Both Linda’s parents worked in print, and Linda’s first job after leaving school was also in the print industry. As well as being a WW2 RAF veteran, her father had an impressive print history, having worked for 40 years at Monotype Corporation, rising through the organisation from a role in accounts to managing the company’s exports. Her mother also worked there for a decade as a typist. Linda recalls Monotype very fondly: “We had a great time as children of workers there. I remember Christmas parties and sports days, it was a very family-focussed business.”
Taking care of dad
Linda first approached the Printing Charity for help when her father, who had suffered a stroke, was moved from a nursing home into her home, as per his wishes. Linda became his full-time carer, with personal carers also visiting the house. The charity provided Linda with financial support so she did not have to worry about day-to-day costs, and was able to ensure that the last year of her father’s life was the best it could be. Linda fondly recalls their outings together: “I had a wheelchair-adapted car and we were able to go out somewhere every day.”
Long-term financial support
When Linda contacted the charity to explain that her father had sadly passed away, she was astonished to hear that the financial support she had been receiving would continue.
“I can’t say how much it meant to me to hear that the money is for me,” Linda explains. “It was not just the relief from the financial burden, I also gained comfort from knowing that my father would be reassured by the help I was receiving as a result of his life’s work in print.
“I suddenly felt that, as a carer for family members over the years – my mother and my aunt, before my dad – my work was valued, and I can hold my head up and say that, through it all, I did have a skilful ‘proper’ job.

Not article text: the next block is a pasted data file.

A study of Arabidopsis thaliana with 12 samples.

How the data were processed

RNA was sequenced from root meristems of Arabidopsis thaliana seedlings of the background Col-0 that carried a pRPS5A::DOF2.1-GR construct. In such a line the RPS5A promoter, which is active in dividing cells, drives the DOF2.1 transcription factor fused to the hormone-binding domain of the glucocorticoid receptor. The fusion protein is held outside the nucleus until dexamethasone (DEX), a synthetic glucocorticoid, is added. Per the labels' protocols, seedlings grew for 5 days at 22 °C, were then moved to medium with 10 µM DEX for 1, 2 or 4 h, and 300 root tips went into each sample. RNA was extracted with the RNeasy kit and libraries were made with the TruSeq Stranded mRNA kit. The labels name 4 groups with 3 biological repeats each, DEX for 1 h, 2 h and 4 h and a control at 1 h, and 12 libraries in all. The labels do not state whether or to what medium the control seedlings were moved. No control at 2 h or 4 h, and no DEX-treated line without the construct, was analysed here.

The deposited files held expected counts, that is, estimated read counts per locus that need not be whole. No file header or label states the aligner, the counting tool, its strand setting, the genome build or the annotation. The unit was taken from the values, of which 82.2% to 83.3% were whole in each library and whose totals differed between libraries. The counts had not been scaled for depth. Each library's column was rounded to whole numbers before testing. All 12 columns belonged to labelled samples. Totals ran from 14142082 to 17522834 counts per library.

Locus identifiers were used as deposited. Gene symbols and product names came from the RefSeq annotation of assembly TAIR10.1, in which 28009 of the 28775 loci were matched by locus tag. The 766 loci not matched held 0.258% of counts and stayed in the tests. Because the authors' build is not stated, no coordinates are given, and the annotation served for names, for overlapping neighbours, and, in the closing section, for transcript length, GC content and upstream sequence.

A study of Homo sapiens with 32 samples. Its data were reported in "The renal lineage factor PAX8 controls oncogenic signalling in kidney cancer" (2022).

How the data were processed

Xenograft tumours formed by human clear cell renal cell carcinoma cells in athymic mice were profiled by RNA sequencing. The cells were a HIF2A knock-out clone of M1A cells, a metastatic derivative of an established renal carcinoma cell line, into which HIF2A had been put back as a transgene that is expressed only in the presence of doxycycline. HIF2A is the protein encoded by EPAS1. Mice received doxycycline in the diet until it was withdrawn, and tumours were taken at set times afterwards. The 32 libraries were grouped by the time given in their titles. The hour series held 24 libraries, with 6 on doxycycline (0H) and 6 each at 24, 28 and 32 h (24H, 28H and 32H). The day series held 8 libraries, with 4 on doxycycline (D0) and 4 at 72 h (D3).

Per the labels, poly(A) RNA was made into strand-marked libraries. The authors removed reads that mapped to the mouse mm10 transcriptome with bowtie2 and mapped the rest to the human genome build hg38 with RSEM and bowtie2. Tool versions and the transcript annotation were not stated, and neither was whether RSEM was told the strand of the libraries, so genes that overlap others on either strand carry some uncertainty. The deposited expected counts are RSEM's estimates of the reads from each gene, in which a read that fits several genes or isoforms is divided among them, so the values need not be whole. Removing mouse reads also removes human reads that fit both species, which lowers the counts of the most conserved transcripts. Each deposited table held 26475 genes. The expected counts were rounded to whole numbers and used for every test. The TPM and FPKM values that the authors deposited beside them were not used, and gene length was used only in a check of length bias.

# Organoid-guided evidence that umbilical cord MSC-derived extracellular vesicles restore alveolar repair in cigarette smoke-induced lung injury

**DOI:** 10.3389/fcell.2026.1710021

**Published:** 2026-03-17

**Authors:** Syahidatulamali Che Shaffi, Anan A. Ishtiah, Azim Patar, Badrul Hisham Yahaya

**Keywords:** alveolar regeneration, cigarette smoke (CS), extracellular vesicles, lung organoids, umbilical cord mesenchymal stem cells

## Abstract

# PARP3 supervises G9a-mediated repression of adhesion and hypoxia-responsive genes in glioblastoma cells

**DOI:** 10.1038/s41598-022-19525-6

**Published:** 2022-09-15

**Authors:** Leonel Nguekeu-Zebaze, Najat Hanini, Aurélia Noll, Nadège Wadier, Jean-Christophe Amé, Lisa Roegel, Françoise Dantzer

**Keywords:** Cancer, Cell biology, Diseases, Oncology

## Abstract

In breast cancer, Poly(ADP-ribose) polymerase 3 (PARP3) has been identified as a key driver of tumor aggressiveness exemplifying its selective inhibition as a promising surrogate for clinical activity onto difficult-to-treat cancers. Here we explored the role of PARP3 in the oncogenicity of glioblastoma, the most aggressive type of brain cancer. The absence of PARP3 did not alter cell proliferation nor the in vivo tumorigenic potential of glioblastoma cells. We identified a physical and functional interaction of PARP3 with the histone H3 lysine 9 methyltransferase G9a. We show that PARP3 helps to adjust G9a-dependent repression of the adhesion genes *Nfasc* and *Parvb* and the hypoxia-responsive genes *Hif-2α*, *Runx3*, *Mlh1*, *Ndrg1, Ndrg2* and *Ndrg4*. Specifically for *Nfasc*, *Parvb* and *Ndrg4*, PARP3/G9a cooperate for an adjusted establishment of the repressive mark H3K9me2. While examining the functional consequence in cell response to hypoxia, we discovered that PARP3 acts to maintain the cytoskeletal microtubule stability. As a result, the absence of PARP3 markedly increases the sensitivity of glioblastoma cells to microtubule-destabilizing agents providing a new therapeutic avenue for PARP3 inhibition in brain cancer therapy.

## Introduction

“I knew that my dad would have been proud, so I was proud, too. I don’t have a private pension, and with the huge increase in the cost of living I have a very low income, so the top up from the Printing Charity means I don’t have to worry so much about how I am going to manage.”
The contributions from the charity mean that Linda can stay connected socially, keeping her car and remaining in her home. “The money helps to remove a worry, and life is not so lonely for me. My mental health is much better as a result.”
It’s worth reaching out
“If anyone with a family or personal connection to print finds themselves a carer – and more often than not this happens by chance, not by choice – please take the plunge and contact the Printing Charity,” Linda urges. “It’s the hardest thing to ask for financial help – I was heartbroken, exhausted and desperate to honour my father who had always been my rock, so for me it was a lifeline to reach out. Help is out there, but if you don’t ask, you won’t know.”
“I was also feeling inadequate when I contacted the charity, but because of the help they gave me I came to realise that my caring work had been important, not just to me and dad, but recognised by others. The Printing Charity’s support gave me much more than money.”